Urinary Incontinence in Women – Causes and Treatment

Women who are suffering from urinary incontinence may find themselves in a quandary over the prospect of changing lifestyle and behavioural patterns in order to cope with the changes in their bodies.  This is not a comfortable issue to deal with, as often the negative emotions cause unpleasant reactions. Therefore, it is very important to understand what urinary incontinence in women means and how it affects their daily lives.

What causes urinary incontinence?
Urinary incontinence is a symptom of an underlying medical condition manifested by loss of control over the bladder functions. This type of incontinence is common in women who have experienced pregnancy and childbirth. During pregnancy, the pelvic floor muscles cradling the bladder and the uterus may weaken due to the prolonged stress of carrying the baby’s weight.

Physical trauma to the pelvic tissues during assisted deliveries can cause scarring and loss of elasticity that may worsen over time if not treated. The passages of small amounts of urine that escape when coughing, sneezing or lifting indicate stress incontinence. High impact activities such as weightlifting or competitive sports further aggravate the weakness of the pelvic muscles.

Women over forty may experience intermittent urinary incontinence due to the diminished oestrogen hormone levels. This condition is part of the menopausal syndrome in older women and is treatable with hormone replacement. The symptoms may come and go over the years but may worsen as the person reaches fifty to sixty years old.

Urinary tract infections and the presence of tumours or cancer growth in the bladder or uterus may also cause incontinence. Kidney stones and surgical scarring can block the urinary tubes and disrupt the normal flow of urine causing secondary infections that are more serious. Some unhealthy toilet habits such as putting off urination for long periods and habitual incomplete voiding contribute to the problem.

What are the treatments for urinary incontinence?
Almost all types of urinary incontinence are treatable if diagnosed early. A complete medical diagnostic test and laboratory analysis can help the physician in recommending the right treatment. A capable physical therapist can help in locating the right muscles to contract whilst performing the Kegel exercise routine. This set of exercises aims to strengthen the weak pelvic muscles and improve muscle tone.

For an overactive bladder that cause urge incontinence, anti-cholinergic drugs like oxybutynin and solifenacin help in relaxing the detrusor muscles. An anti-depressant like Imipramine calms the erratic contractions of the bladder. It is important to inform the attending physician if the patient is under medication for another kind of ailment because some medicaments may have adverse effects if taken in combination with other drugs.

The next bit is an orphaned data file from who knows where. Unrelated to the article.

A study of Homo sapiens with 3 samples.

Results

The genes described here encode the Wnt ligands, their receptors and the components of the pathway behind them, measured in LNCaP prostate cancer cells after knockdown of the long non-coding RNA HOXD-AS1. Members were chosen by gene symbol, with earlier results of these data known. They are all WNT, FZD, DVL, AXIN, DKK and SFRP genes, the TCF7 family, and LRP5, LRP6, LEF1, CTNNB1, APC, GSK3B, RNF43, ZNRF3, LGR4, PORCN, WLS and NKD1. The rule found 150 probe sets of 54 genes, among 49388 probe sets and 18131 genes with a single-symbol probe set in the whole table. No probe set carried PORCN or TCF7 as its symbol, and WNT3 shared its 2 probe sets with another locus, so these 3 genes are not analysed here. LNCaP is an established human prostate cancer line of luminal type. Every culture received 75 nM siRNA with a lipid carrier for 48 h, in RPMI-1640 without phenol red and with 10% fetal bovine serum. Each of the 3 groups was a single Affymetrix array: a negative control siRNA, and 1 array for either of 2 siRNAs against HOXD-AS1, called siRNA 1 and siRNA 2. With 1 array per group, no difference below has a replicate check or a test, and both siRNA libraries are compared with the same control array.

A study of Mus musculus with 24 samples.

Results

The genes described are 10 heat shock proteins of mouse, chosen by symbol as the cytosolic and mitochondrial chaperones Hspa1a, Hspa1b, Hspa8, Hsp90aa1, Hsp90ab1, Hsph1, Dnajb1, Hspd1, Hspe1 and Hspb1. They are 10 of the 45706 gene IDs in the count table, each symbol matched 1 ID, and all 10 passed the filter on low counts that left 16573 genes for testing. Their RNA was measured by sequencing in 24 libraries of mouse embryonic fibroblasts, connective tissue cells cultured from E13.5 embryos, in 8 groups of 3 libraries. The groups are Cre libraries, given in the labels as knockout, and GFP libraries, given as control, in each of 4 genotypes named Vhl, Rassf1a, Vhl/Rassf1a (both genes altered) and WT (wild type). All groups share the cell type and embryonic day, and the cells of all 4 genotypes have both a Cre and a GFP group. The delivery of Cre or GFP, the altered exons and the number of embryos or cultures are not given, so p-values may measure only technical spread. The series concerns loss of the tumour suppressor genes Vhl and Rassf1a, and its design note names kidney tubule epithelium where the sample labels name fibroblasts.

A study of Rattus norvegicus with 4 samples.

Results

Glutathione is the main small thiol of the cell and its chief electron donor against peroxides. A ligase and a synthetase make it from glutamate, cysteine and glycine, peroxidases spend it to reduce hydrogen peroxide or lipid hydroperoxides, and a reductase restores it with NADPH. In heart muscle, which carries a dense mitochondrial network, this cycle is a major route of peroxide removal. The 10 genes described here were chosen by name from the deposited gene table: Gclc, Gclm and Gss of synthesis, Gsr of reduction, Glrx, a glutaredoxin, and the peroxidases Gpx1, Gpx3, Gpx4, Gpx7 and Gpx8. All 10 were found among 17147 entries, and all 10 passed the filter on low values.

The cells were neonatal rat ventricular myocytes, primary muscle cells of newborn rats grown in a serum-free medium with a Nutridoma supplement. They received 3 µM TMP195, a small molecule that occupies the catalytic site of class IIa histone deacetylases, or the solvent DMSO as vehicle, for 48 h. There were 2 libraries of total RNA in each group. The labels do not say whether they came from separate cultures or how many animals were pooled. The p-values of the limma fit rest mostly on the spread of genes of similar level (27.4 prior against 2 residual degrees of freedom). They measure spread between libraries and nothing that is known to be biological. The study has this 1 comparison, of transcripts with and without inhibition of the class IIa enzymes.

Use of vaginal inserts like the pessaries may temporarily alleviate the pressure of the enlarged uterus on the bladder. A professional health care provider inserts a doughnut-shaped device into the vaginal cavity that will provide support for the prolapsed uterus. Tampons are inserts made of absorbent material designed to absorb small leakage. This is a convenient device for women who are into sports, replacing the incontinence pads. Vaginal inserts are not advisable for women who are prone to cystitis and cervical infections.

Bulking materials are agents injected into the tissues surrounding the urethra to improve closure of the sphincter and prevent accidental leakage. This non-invasive intervention is a temporary measure that requires repeat injections after a certain period. Success rate of this kind of therapy is high and side effects are minimal.

If the other treatments fail, surgery is another option that may work. Semi-invasive procedures such as the sling and bladder neck suspension are minor surgical interventions that do not require long recuperation period. The surgeon inserts a thin mesh tape around the bladder neck and the urethra to improve closure and provide relief from the pressure of the prolapsed uterus. The tape can be either a synthetic material or the patient’s own body tissue.

Radical surgeries such as bladder augmentation and bladder replacement are the last resort when all else fail. Management of the leakage using incontinence products helps the patient in living comfortably despite the incontinence. The instances of urinary incontinence in women may greatly reduce with balanced diet, exercise, good toilet habits and healthy lifestyle.